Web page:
Just when things were going so well for the Browns they lose two key players, including Pro Bowl center Alex Mack. Can they keep the good times rolling?
Poor Cleveland. Even when the Browns win (and they won big on Sunday, 31-10 over the hated Steelers), they seem to lose.
The Browns won their second straight game Sunday to improve to 3-2. And with the Jaguars (0-6), Raiders (0-5) and Buccaneers (1-5) up before a Nov. 6 showdown with the AFC North-leading Bengals, things are looking up.
But to keep ascending, the Browns will have to overcome some major injuries: defensive end Armonty Bryant (right knee) and center Alex Mack (broken fibula). Both could be lost for the season.
There’s no question that losing Mack, a two-time Pro Bowler and second-team All-Pro last season, is a huge blow. The Browns know exactly how important he is. Last offseason, general manager Ray Farmer let the market dictate Mack’s worth by placing the transition tag on him. The Jaguars offered Mack a five-year, $42-million ($8.4 million average) contract that made him the highest paid center in the league, and the Browns (who were already paying a premium to another offensive lineman, left tackle Joe Thomas at $11.5 million per season through 2018) didn’t blink at matching it.
Why was Mack worth that kind of money?
For starters, he has been the definition of reliable. Since Cleveland took him 21st overall in 2009, Mack has started all 85 games and played 5,279 snaps before Sunday’s injury late in the second quarter on Sunday. When Mack left the game, it marked the first time all season the Browns didn’t have all five starting offensive linemen in the lineup at the same time, a streak of 300 straight snaps.
He’s one of the smartest offensive linemen in the league. Since his first NFL game, Mack has been in charge of setting protections and run-blocking assignments. As far as pre-snap adjustments, Mack has had as much on his plate as any of Cleveland’s quarterbacks during his tenure. And considering the Browns’ history under center, that’s a very good thing.
Physically, Mack’s play has been in line with the league’s top centers, right up there with Nick Mangold (Jets) and Jason Kelce (Eagles). There are three factors that separate that trio from the rest:
1) They are unbelievably quick going from the snap to their first move, whether that is in pass protection or run blocking. Few appreciate how difficult that is: You’re setting assignments, looking at a defender who is often about three inches away, and then starting the play by successfully getting the ball to the quarterback. Not everyone can do that. And certainly not with the efficiency of the best in the game.
2) All three players, especially Mack, excel at making an initial block in the run game, and then getting to the second level where the linebackers reside. When you’re running a pure zone-blocking scheme like the Browns are under offensive coordinator Kyle Shanahan, the center is responsible for the key blocks on inside zone runs. They must execute a double team at the point of attack with one of the guards, precisely judge when that defender is handled to the point that they can move on to the second level, and then pick off the backside linebacker, who is difference between a small gain and a big play. If a center can take care of that linebacker on a consistent basis, the cutback lane will be wide open. Watch any Browns game and you will constantly see Mack five-to-seven yards down the field. He gets to the second level as fast as any center in the game, which is why he is one of the top run-blockers in the NFL.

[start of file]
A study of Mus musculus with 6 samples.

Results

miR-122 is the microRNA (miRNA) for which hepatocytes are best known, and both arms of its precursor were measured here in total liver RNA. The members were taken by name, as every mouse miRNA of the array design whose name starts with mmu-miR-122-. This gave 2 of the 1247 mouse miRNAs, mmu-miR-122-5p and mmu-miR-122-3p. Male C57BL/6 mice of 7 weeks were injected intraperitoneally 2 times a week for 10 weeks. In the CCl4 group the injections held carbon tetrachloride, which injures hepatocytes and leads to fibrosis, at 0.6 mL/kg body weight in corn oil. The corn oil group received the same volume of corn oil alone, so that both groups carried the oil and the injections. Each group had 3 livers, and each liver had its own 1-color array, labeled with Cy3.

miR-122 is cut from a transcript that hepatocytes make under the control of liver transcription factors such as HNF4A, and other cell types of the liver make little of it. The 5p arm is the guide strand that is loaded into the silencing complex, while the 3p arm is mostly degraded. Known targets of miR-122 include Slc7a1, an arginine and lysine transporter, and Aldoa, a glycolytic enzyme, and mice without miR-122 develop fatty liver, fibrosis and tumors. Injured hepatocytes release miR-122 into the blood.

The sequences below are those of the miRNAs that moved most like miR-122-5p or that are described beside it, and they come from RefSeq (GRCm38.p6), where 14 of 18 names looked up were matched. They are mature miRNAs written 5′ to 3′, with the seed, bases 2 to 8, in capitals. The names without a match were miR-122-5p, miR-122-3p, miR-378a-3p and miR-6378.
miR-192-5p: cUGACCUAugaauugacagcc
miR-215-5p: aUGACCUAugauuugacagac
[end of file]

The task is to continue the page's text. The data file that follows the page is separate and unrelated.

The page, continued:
3) Finally, the best centers excel at adjusting on the fly in pass protection. They are often responsible for picking up a late pass-rusher, so that means effectively passing off the first rusher to a teammate and then picking up the late rusher. Along with the physical challenge, the center needs to process things quickly. Average centers can screw up both blocks. Players like Mack get both blocks right most of the time.
Can the Browns continue their winning ways without Mack? It’s going to be difficult, but yes, they can. One thing working in their favor is the zone-blocking scheme Shanahan has used in his first year in Cleveland. It doesn’t quite have the same degree of difficulty of schemes the Browns ran in previous years. It’s pretty much a run-the-play-that’s-called offense. There aren’t many (if any) audibles from the quarterback that linemen need to adjust to. And unlike many schemes, it doesn’t appear that the Browns have to identify the middle linebacker in order to set the protection.
This should make the transition to John Greco, who moved from right guard to center against the Steelers, a bit smoother. It will also help that Greco is a similar size (6-4, tall for a center) to Mack and seems to play smart. Greco was a very good guard, so the effect will likely trickle down to right guard, where former Seahawks starter Paul McQuistan filled in on Sunday. McQuistan is a veteran who has experience all over the line; he struggled at tackle in Seattle, but he’s an average guard at best. Ultimately, the Browns are downgrading at two spots.
Injuries happen to every team, especially on the offensive line, and teams have to adjust. The Browns will have to figure out what they can and can’t do without Mack, and adjust accordingly. There’s no question that losing one of the best centers in the game is going to be painful, but the Browns can keep winning. They might not have as many big plays in the run game, and quarterback Brian Hoyer might take a few more shots, but that’s football.